When's the last time you were happy with your appliance?
Nearly 30 years ago it was not uncommon for an local appliance repair company to service home appliances that could boast the age of 25 or even 30 years of age.
As recently as the early 1990s an appliance repair company tech could confidently schedule two or more appliance repairs on units of this vintage, each and every day.
The Whirlpool/Sears Kenmore belt-driven washing machine certainly required service that included replacement of the belt, pup or wig-wag, but the frame and support structure hadn’t yet reached its peak. It was built to last.
Refrigerators built by Frigidaire (then owned by General Motors) and General Electric refrigerators could have lasted 50 years (as a matter of fact some of our customers still rely on these appliances in their garages and basements for additional storage, and these exact machines are now celebrating their 60th birthdays! Imagine that!
So, the question is…what has changed? In the booming age of conscious energy consumption, consumers today have been programmed to continually replace appliances in the interest of energy savings. But are we really saving?
Remember the Maytag Man? He’d enter a home smiling, perform a minor adjustment, sporting his white uniform, and be on his way in a jiffy. The Maytag ‘Dependable Care’ washer was an engineering marvel. This washing machine had slipping belts that would engage and come up to speed during draining.
A local appliance repair company would only have to stock a handful of parts to effectively service the modern family’s appliances.
We have a customer that owned a Maytag washer and dryer for nearly 24 years and has replaced that pair of machines three times in the past 15 years because the repairs were half the cost of replacement at the time and the appliances don't last. Appliances have almost become disposable. They just 'don't make 'em like they used to.'
Energy efficiency is a great thing and certainly shouldn’t be disparaged; however it seems that what we’re doing is trading dollars, not saving them. Today’s family is consumed with saving water and energy and thus the continuous effort of replacing appliances (and many other products) more frequently than in previous years. What about the energy and cost in producing the units that are being delivered to homeowners across the country and displayed in appliance and home center stores? What about the pollution and fossil fuel burning that takes place as the result of this manufacturing? And, are the appliances manufactured here in the good old USA? Are the jobs being kept here?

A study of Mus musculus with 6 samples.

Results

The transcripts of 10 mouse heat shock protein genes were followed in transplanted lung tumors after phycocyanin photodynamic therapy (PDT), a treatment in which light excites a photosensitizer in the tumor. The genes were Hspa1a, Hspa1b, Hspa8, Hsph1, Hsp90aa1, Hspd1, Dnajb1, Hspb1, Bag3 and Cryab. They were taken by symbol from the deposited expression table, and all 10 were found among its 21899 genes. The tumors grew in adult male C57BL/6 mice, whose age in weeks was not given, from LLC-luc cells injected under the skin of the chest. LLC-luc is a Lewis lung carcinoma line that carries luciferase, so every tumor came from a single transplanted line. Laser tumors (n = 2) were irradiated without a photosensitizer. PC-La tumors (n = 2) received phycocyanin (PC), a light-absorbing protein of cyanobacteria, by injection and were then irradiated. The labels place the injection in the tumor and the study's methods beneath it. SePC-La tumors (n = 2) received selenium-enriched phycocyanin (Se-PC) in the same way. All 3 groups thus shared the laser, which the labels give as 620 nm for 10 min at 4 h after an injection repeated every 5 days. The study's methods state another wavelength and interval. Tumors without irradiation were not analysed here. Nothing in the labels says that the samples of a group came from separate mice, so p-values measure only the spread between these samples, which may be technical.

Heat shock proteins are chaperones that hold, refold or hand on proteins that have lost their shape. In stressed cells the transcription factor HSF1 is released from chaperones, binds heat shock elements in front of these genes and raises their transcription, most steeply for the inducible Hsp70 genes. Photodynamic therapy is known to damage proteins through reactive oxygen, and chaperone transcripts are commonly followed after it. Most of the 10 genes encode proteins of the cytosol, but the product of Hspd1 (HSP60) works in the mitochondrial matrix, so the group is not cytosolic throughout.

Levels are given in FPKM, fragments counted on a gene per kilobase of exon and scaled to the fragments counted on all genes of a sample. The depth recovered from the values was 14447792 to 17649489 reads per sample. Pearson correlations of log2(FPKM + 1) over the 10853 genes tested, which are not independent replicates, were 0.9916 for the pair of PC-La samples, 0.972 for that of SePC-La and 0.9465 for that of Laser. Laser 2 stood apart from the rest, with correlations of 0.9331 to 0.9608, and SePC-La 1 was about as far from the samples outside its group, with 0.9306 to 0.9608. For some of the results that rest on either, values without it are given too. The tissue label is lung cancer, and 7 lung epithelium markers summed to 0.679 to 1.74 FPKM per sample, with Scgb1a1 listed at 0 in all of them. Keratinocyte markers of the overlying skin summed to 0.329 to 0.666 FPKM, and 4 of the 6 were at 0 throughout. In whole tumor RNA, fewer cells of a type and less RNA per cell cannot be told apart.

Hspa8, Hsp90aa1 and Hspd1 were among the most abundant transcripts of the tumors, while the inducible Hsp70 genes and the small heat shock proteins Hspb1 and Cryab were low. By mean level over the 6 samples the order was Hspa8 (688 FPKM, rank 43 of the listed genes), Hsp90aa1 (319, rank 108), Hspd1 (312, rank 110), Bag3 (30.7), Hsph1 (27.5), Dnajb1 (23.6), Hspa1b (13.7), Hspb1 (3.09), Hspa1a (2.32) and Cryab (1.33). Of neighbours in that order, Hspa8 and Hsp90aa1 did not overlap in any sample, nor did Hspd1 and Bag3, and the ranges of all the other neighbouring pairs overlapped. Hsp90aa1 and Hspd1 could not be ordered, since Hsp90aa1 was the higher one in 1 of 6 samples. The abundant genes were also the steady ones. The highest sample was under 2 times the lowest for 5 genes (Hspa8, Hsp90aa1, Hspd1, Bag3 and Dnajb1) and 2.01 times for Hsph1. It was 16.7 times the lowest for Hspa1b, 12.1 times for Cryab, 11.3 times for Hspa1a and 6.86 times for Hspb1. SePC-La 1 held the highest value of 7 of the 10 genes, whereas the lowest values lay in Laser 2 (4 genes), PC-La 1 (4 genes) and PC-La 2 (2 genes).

And what about the cost to properly reclaim the recyclable materials from these short-lived machines? Today’s appliance’s metal parts are so heavily combined with plastics that the effort to extract the recyclable component becomes difficult if not impossible.
Gone are the yester-years when a homeowner could call upon the local appliance repairman, anxiously await his arrival, watch a quick repair, catch up on some friendly small talk, perhaps even share a quick cup of java and bid farewell until the next appliance repair service call, which would be in the distant future, or at least on a different appliance.
Bring back those days when the consumer really got his or her money’s worth when investing in a washer or dryer, refrigerator, or dishwasher. The sound of ‘it’s not worth repairing, I might as well replace it’ congers up the vision of circuit boards, computer chips, and costly repairs or parts that are no longer manufactured because it’s just more profitable (for the appliance manufacturers) to ‘throw out the baby with the bath water today…’
Have some thoughts? We would sure love to hear them…
Maintaining your appliances is still a great way to extend their useful life.
Need appliance repair service or maintenance in northern New Jersey? Give us a shout!